Making a Living in Languages (Redux) part 2: Every Application Architecture Has Plenty of Languages

Last time: “What Do Buyers Want?,” in which I said that employers want specialists in technologies, which doesn’t really help the employers solve problems.
Now: Where does that leave us? Where’s the language vendor in this picture? Where does the language guru go?

[This is an excerpt from a Lisp conference talk I gave in 2002.]

So, if you are looking for a job, you know what you have to do. For a given application architecture, figure out what tools will be demanded four or five years from now, and acquire that much paid experience using them. That can be tricky, because less than 4-5 years ago, the list for our bank application example would have been radically different.

But, if you’re a true language geek, you should be ecstatic about all the different languages you’ll get to use in the course of a typical n-tier project:

General purpose languages (sort of) include: C++, Java, C#, JavaScript, Perl

W3C happy-land includes: HTML, XML, XSLT, Xpath, CSS, SVG

The data level requires: SQL, Oracle stored procedures, LDAP, RDF

Application servers use their own languages: JSP, ASP, PHP, ColdFusion, DHTML, CGI

Special domains require one additional language such as: Flash, VB for MS-xxx, Powerbuilder, Siebel, SAS

Design tools have their own modeling languages: UML, ClearCase

Component architectures have their own language for describing the metadata that glues everything together: EJB, COM, CORBA/IDL, WSDL

The tools and services each have their own configuration language: for Apache, SiteMinder, UDDI, etc.

Well clearly there’s room for languages work, but where are the language products hiding?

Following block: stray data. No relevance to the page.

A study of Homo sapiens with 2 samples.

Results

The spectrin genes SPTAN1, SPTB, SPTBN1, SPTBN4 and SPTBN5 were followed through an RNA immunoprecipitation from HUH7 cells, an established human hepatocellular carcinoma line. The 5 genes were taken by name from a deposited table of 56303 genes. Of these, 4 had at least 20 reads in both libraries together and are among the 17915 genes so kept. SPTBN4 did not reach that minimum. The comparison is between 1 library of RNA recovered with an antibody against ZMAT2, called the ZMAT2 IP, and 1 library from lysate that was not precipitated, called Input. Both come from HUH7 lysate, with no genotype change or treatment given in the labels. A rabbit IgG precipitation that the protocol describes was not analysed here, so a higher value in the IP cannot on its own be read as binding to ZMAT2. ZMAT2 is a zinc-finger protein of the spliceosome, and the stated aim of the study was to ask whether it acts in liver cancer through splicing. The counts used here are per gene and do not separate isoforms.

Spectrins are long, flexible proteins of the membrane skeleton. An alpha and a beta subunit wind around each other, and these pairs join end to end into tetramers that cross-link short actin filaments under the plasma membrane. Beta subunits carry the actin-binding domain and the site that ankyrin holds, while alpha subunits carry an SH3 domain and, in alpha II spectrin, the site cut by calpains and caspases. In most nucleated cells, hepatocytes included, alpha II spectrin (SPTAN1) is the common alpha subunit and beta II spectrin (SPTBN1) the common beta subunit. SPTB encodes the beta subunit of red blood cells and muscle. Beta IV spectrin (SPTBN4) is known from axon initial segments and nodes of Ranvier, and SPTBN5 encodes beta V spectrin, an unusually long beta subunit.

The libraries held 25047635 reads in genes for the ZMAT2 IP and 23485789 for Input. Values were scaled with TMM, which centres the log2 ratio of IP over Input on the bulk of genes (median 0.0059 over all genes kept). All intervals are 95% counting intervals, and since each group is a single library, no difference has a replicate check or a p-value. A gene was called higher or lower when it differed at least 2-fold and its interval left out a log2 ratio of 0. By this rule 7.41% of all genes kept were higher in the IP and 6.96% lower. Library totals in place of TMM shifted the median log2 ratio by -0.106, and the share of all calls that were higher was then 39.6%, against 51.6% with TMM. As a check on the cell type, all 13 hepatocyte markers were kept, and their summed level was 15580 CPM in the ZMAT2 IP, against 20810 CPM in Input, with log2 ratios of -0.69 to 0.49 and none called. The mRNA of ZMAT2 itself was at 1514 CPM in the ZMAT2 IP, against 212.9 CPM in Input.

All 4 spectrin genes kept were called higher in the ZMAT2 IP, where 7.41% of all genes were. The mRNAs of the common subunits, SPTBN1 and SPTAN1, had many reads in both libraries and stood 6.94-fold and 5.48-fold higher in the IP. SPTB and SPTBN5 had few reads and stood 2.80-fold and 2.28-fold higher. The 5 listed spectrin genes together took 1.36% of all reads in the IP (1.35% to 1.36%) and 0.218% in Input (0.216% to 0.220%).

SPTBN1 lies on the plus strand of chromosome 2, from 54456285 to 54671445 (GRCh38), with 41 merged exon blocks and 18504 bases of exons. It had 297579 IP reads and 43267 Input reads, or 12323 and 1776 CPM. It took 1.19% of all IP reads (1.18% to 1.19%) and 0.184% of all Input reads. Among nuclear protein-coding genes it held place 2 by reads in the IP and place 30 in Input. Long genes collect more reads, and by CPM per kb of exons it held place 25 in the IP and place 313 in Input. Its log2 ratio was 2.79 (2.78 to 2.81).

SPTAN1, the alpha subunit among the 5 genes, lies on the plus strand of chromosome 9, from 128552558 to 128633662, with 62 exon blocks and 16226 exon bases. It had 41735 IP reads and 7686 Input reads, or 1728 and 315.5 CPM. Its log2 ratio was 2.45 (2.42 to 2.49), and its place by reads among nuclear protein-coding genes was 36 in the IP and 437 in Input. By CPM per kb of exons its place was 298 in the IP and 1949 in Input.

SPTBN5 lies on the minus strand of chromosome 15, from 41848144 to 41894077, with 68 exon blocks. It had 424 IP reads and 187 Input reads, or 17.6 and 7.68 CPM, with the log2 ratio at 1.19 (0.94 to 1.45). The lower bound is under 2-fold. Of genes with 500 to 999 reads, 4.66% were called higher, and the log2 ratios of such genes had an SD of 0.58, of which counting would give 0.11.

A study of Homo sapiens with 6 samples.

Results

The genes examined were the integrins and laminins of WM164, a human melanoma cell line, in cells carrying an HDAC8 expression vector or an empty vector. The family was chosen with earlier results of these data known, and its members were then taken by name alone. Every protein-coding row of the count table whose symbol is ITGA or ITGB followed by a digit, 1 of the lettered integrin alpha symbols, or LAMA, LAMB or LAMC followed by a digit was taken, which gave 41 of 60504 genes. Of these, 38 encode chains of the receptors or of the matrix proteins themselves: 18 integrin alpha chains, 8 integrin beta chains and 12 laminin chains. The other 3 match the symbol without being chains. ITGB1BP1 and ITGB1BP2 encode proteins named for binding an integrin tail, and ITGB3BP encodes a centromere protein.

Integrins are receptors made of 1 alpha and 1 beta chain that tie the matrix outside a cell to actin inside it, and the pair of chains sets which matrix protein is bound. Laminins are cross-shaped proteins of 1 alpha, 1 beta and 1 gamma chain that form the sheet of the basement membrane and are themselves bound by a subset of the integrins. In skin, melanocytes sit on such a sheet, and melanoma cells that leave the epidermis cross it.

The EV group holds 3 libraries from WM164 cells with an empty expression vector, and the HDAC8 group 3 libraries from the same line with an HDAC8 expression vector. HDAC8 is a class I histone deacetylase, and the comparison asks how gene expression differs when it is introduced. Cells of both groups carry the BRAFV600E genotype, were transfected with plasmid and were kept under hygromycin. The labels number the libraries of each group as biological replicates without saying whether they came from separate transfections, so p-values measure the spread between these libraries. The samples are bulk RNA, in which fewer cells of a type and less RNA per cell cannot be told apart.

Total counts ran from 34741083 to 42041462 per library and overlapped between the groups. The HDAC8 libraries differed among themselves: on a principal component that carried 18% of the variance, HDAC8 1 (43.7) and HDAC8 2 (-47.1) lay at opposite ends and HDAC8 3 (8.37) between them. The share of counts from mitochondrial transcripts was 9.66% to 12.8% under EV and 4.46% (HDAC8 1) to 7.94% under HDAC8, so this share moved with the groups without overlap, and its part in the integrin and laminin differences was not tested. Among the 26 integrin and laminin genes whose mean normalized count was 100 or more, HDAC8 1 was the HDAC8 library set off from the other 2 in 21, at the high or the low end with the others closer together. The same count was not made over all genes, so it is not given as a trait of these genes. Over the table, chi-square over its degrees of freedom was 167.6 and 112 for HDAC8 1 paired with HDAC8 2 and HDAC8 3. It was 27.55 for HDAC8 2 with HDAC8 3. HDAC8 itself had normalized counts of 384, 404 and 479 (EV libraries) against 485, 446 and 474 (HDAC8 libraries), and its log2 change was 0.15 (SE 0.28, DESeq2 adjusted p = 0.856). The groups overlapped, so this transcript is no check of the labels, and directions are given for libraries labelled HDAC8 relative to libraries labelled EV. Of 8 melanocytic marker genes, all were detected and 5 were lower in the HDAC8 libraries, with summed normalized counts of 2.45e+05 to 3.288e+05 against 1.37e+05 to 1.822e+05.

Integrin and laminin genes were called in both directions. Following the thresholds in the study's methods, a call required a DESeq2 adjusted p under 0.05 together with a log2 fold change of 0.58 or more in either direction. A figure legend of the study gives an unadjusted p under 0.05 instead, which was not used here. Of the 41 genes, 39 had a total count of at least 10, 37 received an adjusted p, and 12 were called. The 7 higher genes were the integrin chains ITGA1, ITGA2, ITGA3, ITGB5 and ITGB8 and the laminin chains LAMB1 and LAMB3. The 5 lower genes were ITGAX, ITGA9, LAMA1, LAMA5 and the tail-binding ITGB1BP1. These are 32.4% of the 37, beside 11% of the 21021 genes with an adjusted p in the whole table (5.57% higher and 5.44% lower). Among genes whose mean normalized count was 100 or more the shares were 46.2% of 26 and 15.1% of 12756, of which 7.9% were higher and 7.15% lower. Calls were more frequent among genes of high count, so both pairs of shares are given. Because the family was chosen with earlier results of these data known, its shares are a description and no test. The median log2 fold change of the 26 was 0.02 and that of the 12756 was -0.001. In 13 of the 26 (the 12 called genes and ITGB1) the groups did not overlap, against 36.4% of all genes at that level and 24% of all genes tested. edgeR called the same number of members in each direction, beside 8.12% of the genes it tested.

next: Hidden Special Purpose Languages.
Start of nine part series.

About Stearns

Howard Stearns works at High Fidelity, Inc., creating the metaverse. Mr. Stearns has a quarter century experience in systems engineering, applications consulting, and management of advanced software technologies. He was the technical lead of University of Wisconsin's Croquet project, an ambitious project convened by computing pioneer Alan Kay to transform collaboration through 3D graphics and real-time, persistent shared spaces. The CAD integration products Mr. Stearns created for expert system pioneer ICAD set the market standard through IPO and acquisition by Oracle. The embedded systems he wrote helped transform the industrial diamond market. In the early 2000s, Mr. Stearns was named Technology Strategist for Curl, the only startup founded by WWW pioneer Tim Berners-Lee. An expert on programming languages and operating systems, Mr. Stearns created the Eclipse commercial Common Lisp programming implementation. Mr. Stearns has two degrees from M.I.T., and has directed family businesses in early childhood education and publishing.